The Grice Laboratory in the Department of Dermatology at the Perelman School of Medicine focuses its research on the study of the skin microbiome and identifying skin microbiota-derived small molecules that mediate cutaneous host-microbe and microbe-microbe interactions within the microbiome. This past summer, I worked with Dr. Lindsay Kalan, a post doctorate in the Grice Laboratory, on an ongoing study to identify and characterize novel natural products produced by the skin microbiome. We hypothesized that the skin microbiome is a rich, yet almost completely unexplored source of small molecules that mediate interactions with the host including cutaneous immune responses and/or exhibit antimicrobial activity against cutaneous pathogens.
We focused on characterizing the natural gene cluster NRPS, or Nonribosomal Peptide Synthetase, because it was highly concentrated in one body site and it was found in 68% of samples. In samples with the cluster, NRPS, the bacteria Corynebacterium amycolatum is dominant. Therefore, we chose to culture strains of C. amycolatum under different conditions to understand in which conditions the NRPS gene is best expressed as well as increase the growth of C. amycolatum while still maintaining NRPS expression.
To accomplish this, we grew C. amycolatum on various types of media plates including brain heart infusion, blood agar, tryptic soy broth, RPMI, and RPMI supplemented with peptone and yeast. We extracted DNA and performed PCR and gel electrophoresis to confirm that the NRPS gene is present in certain strains of C. amycolatum. If so, we extracted RNA and performed RT-PCR to confirm that the NRPS is expressed in the strain. Two strains, LK 10 and LK 19, were confirmed to have the NRPS gene cluster. However, their phenotypes vary drastically as LK 10 sample was derived from a diabetic foot ulcer while LK 19 was derived from the healthy skin of a bellybutton. After determining the best media type C. amycolatum grows best on and has the best NRPS expression, we want to successfully use homologous recombination to create a knockout without the NRPS gene to see if it really is the NRPS gene that is creating the small molecule.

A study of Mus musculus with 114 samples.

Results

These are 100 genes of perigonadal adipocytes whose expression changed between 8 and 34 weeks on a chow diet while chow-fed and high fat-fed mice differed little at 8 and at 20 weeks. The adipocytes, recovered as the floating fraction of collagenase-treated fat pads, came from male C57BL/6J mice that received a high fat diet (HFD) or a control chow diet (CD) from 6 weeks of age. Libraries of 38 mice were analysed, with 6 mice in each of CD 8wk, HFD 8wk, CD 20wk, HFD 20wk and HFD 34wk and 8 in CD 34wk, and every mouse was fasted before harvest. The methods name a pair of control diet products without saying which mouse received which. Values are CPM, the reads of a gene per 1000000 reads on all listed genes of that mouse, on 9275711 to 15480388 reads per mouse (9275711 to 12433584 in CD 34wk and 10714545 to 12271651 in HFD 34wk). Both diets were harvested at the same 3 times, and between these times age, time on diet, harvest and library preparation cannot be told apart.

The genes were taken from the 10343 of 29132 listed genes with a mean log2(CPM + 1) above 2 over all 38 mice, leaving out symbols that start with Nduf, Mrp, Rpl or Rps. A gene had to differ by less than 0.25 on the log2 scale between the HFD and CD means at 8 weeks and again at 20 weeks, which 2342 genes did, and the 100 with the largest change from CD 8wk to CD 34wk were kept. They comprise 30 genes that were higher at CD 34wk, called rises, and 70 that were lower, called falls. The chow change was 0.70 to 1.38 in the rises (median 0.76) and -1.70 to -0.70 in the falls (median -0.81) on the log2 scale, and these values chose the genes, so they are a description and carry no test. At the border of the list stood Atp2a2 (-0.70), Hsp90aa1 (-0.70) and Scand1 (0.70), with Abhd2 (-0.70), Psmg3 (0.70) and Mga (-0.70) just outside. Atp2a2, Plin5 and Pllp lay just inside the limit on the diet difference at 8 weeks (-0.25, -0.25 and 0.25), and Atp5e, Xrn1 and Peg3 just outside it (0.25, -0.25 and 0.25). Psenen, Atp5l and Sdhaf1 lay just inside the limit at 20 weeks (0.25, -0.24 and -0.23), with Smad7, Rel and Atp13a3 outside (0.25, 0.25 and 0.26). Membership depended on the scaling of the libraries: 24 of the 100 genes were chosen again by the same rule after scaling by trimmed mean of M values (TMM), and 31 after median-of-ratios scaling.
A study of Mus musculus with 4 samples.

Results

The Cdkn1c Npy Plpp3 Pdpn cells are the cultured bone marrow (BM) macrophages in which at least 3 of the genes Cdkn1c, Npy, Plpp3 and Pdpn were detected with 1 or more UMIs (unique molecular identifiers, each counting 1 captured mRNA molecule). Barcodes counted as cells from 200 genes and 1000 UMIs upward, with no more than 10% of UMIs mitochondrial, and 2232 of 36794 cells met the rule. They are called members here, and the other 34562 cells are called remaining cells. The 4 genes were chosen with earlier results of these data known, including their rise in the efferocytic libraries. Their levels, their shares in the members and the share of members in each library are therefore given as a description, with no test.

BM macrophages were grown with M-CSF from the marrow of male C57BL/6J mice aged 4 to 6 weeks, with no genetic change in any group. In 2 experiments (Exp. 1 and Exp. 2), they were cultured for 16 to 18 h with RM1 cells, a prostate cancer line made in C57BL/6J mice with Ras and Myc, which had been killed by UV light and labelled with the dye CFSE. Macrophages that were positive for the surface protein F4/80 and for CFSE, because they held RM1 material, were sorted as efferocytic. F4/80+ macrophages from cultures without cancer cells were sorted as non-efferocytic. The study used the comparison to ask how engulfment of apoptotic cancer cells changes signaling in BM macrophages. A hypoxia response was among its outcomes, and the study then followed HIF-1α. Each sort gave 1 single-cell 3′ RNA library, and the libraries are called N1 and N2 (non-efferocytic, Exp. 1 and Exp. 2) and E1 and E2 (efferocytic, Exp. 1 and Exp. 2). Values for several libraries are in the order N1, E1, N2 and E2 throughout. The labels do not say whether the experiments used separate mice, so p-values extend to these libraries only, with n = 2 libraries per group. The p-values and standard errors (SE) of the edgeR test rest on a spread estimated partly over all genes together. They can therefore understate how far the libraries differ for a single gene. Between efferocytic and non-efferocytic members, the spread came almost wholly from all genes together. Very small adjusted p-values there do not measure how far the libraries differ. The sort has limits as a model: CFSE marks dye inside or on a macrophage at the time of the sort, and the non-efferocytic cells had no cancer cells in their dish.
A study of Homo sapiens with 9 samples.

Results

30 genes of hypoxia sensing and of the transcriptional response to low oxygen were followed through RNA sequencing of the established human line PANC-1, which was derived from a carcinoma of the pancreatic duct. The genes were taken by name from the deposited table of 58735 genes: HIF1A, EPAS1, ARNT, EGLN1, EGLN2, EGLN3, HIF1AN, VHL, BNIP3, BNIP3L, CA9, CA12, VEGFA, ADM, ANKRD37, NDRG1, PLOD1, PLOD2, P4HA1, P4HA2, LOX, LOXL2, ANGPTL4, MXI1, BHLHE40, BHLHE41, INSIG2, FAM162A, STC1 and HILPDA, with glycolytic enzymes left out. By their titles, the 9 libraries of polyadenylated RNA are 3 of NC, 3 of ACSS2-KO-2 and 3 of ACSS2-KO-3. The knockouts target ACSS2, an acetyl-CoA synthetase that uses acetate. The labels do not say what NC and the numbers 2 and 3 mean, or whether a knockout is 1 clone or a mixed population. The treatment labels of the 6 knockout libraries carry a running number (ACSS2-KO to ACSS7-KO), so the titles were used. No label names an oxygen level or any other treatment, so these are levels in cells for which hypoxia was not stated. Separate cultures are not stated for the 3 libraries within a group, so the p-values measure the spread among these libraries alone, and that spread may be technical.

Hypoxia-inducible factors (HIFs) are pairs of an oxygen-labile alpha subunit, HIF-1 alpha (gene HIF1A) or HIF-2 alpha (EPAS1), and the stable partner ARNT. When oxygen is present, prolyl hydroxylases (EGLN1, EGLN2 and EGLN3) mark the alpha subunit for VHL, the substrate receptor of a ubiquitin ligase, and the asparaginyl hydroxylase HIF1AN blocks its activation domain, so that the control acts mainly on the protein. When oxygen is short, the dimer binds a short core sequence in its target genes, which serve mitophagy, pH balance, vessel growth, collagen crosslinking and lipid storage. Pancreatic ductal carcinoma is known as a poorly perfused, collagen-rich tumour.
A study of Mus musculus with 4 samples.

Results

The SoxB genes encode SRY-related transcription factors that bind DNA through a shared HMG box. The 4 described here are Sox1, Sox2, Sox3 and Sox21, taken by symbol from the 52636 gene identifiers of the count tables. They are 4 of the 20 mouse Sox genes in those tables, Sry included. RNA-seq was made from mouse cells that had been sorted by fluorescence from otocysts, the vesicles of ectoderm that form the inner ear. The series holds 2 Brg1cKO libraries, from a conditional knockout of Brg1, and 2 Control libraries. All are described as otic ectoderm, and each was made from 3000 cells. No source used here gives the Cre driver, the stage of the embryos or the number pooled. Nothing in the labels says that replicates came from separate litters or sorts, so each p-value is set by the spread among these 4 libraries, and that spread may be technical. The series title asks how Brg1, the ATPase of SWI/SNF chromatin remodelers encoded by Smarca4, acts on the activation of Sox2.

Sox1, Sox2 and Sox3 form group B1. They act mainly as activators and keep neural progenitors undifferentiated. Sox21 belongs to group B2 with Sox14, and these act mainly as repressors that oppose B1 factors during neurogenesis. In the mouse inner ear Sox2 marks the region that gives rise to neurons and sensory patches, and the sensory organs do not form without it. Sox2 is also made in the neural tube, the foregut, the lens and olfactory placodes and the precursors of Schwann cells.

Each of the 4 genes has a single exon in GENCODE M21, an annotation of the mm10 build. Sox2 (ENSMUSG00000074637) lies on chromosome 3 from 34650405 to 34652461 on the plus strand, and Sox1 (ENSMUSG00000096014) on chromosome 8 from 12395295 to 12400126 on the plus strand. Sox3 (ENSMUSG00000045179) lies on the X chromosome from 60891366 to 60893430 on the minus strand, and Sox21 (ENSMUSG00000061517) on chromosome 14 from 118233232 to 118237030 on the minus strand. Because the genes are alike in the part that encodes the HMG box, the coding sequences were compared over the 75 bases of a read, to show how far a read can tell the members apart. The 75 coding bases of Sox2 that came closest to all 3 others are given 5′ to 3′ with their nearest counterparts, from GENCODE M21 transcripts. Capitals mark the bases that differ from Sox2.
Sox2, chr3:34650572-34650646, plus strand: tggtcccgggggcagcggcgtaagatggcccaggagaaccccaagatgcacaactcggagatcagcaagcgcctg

During this summer internship, I gained more experience in basic research and I have learned many useful techniques such as PCR, qPCR, gel electrophoresis, sanger sequencing and DNA/RNA extraction, all of which prove to be integral and valuable in my future in research and medicine. I improved my communication skills by discussing research papers during weekly meetings as well as presented my current week’s progress to the other members of my lab. This internship has given me an immersive experience in the world of research, including listening to multiple thesis defenses and dermatology seminars. I look forward to continuing to work in Dr. Grice’s lab during the academic year.